Recently came across the The United Nations General Assembly second annual World Happiness Report, measuring happiness and well-being in countries around the world to help guide public policy. Denmark topped the list of the happiest nations, ousting last year’s winner, Iceland. Denmark was followed by Norway, Switzerland, the Netherlands, and Sweden – New Zealand comes in at 13th place. Below is an extract and a graph showing the happiness ranking.
In an impoverished society, the focused quest for material gain as conventionally measured typically makes a lot of sense. Higher household income (or higher Gross National Product per capita) generally signifies an improvement in the life conditions of the poor. The poor suffer from dire deprivations of various kinds: lack of adequate food supplies, remunerative jobs, access to health care, safe homes, safe water and sanitation, and educational opportunities. As incomes rise from very low levels, human well-being improves. Not surprisingly, the poor report a rising satisfaction with their lives as their meager incomes increase. Even small gains in a household’s income can result in a child’s survival, the end of hunger pangs, improved nutrition, better learning opportunities, safe childbirth, and prospects for ongoing improvements and opportunities in schooling, job training, and gainful employment.
The paradox that Easterlin noted in the U.S. was that at any particular time richer individuals are happier than poorer ones, but over time the society did not become happier as it became richer. One reason is that individuals compare themselves to others. They are happier when they are higher on the social (or income) ladder. Yet when everybody rises together, relative status remains unchanged. A second obvious reason is that the gains have not been evenly shared, but have gone disproportionately to those at the top of the income and education distribution. A third is that other societal factors – insecurity, loss of social trust, a declining confidence in government – have counteracted any benefits felt from the higher incomes. A fourth reason is adaptation: individuals may experience an initial jump in happiness when their income rises but then at least partly return to earlier levels as they adapt to their new higher income.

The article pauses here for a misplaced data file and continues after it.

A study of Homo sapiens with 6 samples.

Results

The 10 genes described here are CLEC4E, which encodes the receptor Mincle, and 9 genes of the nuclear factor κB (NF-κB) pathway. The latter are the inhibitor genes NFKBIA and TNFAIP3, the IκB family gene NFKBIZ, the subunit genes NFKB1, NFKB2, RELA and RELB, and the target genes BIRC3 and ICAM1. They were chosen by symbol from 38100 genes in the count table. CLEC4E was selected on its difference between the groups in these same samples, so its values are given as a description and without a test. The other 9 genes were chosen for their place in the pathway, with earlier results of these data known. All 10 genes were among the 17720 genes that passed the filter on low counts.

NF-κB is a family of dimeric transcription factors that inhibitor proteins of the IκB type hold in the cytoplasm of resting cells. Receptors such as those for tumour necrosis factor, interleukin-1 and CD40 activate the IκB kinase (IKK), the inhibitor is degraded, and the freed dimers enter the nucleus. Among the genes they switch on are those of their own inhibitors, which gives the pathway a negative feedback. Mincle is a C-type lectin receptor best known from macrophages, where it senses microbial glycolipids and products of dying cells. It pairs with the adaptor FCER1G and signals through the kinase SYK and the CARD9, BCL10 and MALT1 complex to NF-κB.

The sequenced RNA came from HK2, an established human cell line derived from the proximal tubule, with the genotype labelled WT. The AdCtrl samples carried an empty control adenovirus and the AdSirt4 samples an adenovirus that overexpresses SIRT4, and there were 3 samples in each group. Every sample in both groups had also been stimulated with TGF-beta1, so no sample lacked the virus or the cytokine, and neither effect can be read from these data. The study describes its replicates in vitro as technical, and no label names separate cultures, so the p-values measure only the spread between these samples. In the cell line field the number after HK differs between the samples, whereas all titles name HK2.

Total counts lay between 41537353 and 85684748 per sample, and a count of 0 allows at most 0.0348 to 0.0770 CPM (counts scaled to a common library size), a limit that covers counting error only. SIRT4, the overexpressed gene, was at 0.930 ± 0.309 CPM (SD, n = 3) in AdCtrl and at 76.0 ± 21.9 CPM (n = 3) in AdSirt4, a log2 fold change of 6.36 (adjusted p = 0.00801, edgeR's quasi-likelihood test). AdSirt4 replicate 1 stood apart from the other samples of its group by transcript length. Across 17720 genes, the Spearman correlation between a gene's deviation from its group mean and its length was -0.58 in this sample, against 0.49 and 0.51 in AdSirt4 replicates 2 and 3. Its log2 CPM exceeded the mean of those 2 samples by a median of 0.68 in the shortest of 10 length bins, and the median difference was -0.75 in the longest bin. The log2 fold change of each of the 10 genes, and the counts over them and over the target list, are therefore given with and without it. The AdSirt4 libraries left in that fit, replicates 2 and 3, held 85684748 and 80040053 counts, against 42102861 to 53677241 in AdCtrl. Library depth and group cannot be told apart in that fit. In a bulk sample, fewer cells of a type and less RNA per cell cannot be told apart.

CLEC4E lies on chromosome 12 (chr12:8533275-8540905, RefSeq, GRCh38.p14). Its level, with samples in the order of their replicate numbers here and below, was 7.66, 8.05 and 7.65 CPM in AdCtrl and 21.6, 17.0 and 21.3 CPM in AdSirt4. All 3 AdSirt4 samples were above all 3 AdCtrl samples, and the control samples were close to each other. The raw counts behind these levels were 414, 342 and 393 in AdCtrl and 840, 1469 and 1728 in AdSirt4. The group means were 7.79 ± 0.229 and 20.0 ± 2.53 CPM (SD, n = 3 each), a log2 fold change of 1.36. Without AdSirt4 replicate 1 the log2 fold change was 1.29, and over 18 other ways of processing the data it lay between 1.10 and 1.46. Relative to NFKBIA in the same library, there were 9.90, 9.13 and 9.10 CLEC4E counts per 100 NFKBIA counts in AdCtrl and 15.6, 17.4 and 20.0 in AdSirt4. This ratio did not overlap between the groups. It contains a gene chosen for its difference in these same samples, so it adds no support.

These phenomena put a clear limit on the extent to which rich countries can become happier through the simple device of economic growth. In fact, there are still other general reasons to doubt the formula of ever- rising GNP per person as the route to happiness. While higher income may raise happiness to some extent, the quest for higher income may actually reduce one’s happiness. In other words, it may be nice to have more money but not so nice to crave it. Psychologists have found repeatedly that individuals who put a high premium on higher incomes generally are less happy and more vulnerable to other psychological ills than individuals who do not crave higher incomes. Aristotle and the Buddha advised humanity to follow a middle path between asceticism on the one side and craving material goods on the other.
A further huge problem is the persistent creation of new material “wants” through the incessant advertising of products using powerful imagery and other means of persuasion. Since the imagery is ubiquitous on all of our digital devices, the stream of advertising is more relentless than ever before. Advertising is now a business of around $500 billion per year. Its goal is to overcome satiety by creating wants and longings where none previously existed. Advertisers and marketers do this in part by preying on psychological weaknesses and unconscious urges. Cigarettes, caffeine, sugar, and trans-fats all cause cravings if not outright addictions. Fashions are sold through increasingly explicit sexual imagery. Product lines are generally sold by associating the products with high social status rather than with real needs.